Production of 17 Eurofighter Typhoon combat jets and nine Hawk T2 advanced trainer aircraft for the emirate began in Warton, Lancaster in northwestern England on Friday, with Qatar’s Defense Minister Khalid bin Mohamed al-Attiyah in attendance.
“The project is unique in its ability to enhance the capabilities of the Amiri Air Force and the joint action and defense,” said the Doha-based paper Gulf Times.
Al-Attiyah and his British counterpart Gavin Williamson had signed the contract to supply Doha with the twin-engine, multirole fighters and the trainer jets on December 10, 2017.
The daily also referenced the inauguration of a joint squadron run by the Qatari Air Force and the British Royal Air Force by Qatari Emir Sheikh Tamim bin Hamad Al Thani last year. “The joint squadron will have a prominent and effective role in protecting the Qatari airspace during the FIFA 2022 World Cup” — which the emirate has been chosen to host, the paper added.
British Ambassador to Qatar Ajay Sharma, who also jointed the inauguration of the production line, had told the paper back in April, “There will be Typhoon ready for the World Cup. We certainly see these jets as part of the way of securing the event.”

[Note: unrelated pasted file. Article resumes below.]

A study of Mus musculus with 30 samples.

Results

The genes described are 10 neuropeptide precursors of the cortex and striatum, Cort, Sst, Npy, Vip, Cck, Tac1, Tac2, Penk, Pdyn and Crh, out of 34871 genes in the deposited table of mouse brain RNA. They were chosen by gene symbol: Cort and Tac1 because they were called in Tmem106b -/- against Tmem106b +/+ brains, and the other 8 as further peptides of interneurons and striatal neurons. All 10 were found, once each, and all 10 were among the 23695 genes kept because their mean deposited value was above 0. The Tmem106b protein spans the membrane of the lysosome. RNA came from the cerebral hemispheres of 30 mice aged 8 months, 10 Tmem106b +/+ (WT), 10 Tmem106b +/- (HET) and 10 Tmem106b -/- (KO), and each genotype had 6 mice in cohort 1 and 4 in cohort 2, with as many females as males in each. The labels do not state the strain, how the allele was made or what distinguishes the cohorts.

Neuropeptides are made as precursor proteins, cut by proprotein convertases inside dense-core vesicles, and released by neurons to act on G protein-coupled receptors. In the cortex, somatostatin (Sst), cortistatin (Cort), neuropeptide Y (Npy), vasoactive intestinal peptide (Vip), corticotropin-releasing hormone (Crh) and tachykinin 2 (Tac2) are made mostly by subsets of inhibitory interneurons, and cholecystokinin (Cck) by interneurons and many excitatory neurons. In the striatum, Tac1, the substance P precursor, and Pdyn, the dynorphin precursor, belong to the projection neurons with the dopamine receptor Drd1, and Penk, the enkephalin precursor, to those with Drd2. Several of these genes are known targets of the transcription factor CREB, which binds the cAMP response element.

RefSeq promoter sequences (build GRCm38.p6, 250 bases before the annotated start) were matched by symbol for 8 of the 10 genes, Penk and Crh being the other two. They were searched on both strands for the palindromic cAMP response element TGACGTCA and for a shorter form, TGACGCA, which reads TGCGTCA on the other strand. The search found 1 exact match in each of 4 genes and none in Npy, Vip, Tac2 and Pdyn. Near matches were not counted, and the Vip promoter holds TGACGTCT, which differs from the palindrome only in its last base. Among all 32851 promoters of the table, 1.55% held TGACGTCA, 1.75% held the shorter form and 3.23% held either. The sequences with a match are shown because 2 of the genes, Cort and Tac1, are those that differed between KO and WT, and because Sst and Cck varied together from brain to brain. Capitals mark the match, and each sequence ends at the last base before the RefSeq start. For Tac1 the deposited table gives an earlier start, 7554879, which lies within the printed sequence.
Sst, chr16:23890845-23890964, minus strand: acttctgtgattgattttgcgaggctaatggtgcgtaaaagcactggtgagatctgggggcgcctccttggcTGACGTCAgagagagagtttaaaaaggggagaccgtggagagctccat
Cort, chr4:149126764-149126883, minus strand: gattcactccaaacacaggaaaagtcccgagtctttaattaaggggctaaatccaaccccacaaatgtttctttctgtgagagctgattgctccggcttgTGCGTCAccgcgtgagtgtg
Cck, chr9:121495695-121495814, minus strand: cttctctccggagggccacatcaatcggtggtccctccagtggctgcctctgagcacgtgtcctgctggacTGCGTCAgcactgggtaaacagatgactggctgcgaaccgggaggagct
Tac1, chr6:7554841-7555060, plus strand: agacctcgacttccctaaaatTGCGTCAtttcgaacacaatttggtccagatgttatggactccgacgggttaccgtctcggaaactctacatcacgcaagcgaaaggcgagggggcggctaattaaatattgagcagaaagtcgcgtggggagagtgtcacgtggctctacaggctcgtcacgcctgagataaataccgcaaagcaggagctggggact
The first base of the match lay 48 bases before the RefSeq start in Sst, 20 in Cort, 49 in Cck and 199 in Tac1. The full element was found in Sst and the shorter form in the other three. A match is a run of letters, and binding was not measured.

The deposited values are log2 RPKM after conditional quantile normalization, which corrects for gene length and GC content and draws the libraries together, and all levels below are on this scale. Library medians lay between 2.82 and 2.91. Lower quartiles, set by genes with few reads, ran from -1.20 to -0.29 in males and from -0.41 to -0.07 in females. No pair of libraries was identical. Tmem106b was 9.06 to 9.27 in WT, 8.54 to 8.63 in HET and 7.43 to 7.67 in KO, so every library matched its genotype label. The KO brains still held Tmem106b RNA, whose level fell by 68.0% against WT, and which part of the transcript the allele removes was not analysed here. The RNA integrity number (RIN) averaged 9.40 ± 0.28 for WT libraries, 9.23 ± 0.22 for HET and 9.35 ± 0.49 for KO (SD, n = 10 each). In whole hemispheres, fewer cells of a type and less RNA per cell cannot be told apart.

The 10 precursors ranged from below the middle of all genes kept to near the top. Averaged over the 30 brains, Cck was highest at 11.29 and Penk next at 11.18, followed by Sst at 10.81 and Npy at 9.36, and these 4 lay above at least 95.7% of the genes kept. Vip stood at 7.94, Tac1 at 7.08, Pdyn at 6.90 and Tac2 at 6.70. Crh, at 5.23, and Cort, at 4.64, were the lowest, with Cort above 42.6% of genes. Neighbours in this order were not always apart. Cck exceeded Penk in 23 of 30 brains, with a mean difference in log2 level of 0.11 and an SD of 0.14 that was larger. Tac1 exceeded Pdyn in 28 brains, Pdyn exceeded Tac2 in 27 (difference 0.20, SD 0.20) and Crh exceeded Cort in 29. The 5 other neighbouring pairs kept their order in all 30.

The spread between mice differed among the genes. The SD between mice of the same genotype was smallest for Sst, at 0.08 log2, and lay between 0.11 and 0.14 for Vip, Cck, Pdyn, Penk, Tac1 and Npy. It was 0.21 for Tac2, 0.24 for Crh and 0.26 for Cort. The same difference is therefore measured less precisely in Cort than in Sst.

The military agreement was the second billion-dollar one of its own to be signed by Doha since Saudi Arabia led three of its allies — the United Arab Emirates, Egypt, and Bahrain — in breaking off diplomatic ties with the emirate and subjecting it to a blockade.
The quartet has accused Doha of supporting “terrorism” but the emirate has roundly rejected the allegation.
Shortly after the dispute erupted, the United States signed a $12 billion deal to sell F-15 fighter jets to Qatar.
Observers have accused the US and the UK of trying to exploit the diplomatic crisis towards their own financial interests, while publicly urging the regional countries to close up their rifts.